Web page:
Twenty-five pharmaceutical companies are voluntarily phasing out the use of antibiotics for growth promotion in animals processed for meat, the Food and Drug Administration said Wednesday.
Matt Rourke / AP
Poults raised without the use of antibiotics are seen at David Martin's turkey farm, in Lebanon, Pa., in this April 11, 2012, file photo. Twenty-five pharmaceutical companies are voluntarily phasing out the use of antibiotics for growth promotion in animals processed for meat, the Food and Drug Administration said March 26, 2014.
Citing a potential threat to public health, the agency in December asked 26 companies to voluntarily stop labeling drugs important for treating human infection as acceptable for use in animal production.
The companies will either withdraw the drugs from animal use completely or revise them so they would only be able to be used with a veterinarian's prescription.
Pharmaq AS was the only company that declined to follow the voluntary guidelines. Pharmaq makes an antimicrobial powder used to treat certain conditions in salmon, trout and catfish. The Norwegian company's product already is for therapeutic uses only, but is available over the counter, according to nutritionists.
Many cattle, hog and poultry producers give their animals antibiotics regularly to ensure that they are healthy and to make the animals grow faster.
Withdrawing the animal drugs is designed to limit antibiotic-resistant diseases in humans as that resistance has become a growing public health problem. Repeated exposure to antibiotics can lead germs to become resistant to the drug so that it is no longer effective in treating a particular illness.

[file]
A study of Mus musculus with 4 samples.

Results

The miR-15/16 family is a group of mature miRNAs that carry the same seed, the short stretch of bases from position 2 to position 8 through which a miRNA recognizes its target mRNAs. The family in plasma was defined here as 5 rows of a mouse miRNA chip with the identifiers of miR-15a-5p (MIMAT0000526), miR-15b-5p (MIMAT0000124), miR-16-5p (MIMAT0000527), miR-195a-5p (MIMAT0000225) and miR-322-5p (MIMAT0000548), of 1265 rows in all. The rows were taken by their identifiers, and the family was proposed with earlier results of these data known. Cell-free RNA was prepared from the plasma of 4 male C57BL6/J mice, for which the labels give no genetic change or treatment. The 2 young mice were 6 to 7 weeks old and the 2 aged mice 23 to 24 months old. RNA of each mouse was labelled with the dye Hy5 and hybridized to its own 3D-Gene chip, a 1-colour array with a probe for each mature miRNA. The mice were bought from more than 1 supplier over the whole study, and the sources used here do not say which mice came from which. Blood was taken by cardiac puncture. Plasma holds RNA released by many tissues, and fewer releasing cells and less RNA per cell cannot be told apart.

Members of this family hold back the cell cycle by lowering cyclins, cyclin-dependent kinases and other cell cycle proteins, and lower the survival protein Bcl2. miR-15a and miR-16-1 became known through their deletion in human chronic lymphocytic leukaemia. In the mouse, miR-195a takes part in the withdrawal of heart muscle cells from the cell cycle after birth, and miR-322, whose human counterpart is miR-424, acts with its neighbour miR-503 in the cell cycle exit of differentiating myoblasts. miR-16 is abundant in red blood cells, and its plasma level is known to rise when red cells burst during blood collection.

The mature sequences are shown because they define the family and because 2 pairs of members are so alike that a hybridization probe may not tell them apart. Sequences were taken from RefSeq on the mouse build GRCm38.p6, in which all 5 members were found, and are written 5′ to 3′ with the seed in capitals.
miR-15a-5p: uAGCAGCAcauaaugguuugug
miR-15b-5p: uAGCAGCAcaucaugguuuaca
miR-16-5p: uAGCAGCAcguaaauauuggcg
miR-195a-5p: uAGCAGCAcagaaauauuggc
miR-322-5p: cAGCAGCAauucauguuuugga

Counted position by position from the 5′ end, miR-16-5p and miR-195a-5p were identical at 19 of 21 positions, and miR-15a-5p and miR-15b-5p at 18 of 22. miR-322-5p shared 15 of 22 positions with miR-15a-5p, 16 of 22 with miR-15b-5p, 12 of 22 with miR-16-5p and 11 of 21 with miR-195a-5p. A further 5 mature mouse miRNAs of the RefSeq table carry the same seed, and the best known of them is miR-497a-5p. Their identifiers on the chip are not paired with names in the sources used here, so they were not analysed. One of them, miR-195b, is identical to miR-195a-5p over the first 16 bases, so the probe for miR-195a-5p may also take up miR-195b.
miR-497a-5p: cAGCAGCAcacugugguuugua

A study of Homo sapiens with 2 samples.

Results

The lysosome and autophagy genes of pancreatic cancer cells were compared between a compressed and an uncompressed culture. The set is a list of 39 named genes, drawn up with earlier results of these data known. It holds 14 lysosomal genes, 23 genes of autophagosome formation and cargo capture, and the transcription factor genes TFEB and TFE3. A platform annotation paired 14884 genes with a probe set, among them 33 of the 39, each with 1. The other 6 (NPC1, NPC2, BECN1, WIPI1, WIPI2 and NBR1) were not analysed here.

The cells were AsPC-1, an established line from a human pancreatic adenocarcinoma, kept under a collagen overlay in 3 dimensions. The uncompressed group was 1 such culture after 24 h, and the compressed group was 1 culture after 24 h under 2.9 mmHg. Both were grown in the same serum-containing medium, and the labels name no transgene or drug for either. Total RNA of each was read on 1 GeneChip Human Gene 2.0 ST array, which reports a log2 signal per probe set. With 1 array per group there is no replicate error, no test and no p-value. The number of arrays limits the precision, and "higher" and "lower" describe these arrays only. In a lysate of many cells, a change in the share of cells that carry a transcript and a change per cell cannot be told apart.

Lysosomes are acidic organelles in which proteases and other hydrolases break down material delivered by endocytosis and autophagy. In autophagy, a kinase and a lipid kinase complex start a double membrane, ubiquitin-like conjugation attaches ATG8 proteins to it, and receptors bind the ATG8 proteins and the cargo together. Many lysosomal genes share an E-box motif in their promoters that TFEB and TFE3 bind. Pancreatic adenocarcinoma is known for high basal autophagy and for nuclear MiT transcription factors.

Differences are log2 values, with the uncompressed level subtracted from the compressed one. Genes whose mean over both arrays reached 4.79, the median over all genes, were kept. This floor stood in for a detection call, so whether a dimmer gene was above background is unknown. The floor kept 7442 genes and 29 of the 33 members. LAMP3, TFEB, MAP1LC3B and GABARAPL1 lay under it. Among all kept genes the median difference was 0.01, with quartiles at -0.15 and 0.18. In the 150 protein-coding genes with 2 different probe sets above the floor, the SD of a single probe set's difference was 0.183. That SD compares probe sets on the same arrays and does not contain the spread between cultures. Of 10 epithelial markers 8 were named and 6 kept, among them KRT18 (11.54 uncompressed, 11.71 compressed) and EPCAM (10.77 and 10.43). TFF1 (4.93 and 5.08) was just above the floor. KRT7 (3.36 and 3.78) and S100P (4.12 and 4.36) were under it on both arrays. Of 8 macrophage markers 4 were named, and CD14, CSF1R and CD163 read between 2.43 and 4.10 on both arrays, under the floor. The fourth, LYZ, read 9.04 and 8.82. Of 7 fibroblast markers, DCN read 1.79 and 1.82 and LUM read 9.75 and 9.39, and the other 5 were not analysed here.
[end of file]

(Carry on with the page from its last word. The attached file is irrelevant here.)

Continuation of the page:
In September, the Centers for Disease Control and Prevention released estimates that more than 23,000 people a year are dying from drug-resistant infections.
The biggest risk is from germs spread in hospitals, and it's not clear how much of the problem is related to the use of drugs in meat. But the FDA has said this is one step toward addressing the problem.
FDA said it was working with industry on the issue because it was an easier and faster route than the protracted regulatory process. Two of the largest companies selling such animal antibiotics, Zoetis and Elanco, said they would comply.
Critics argue that the guidelines give drugmakers too much discretion in policing their own use of antibiotics and provide no mechanism for enforcement, and were unconvinced by Wednesday's announcement.
-The Associated Press and Reuters
First published March 26 2014, 3:58 PM
Maggie Fox is senior health writer for NBC News and TODAY, writing top news on health policy, medical treatments and disease.
She's reported for news agencies, radio, newspapers, magazines and television from across Asia, the Middle East, Africa and Europe covering news ranging from war to politics and, of course, health and science. Her reporting has taken Maggie to Lebanon, Syria and Libya; to China, South Korea, Thailand, the Philippines and Pakistan; to Bosnia, Croatia and Serbia and to Ireland and Northern Ireland and across the rest of Europe.
Maggie has won awards from the Society of Business Editors and Writers, the National Immunization Program, the Overseas Press Club and other organizations. She's done fellowships at Harvard Medical School, the National Institutes of Health and the University of Maryland.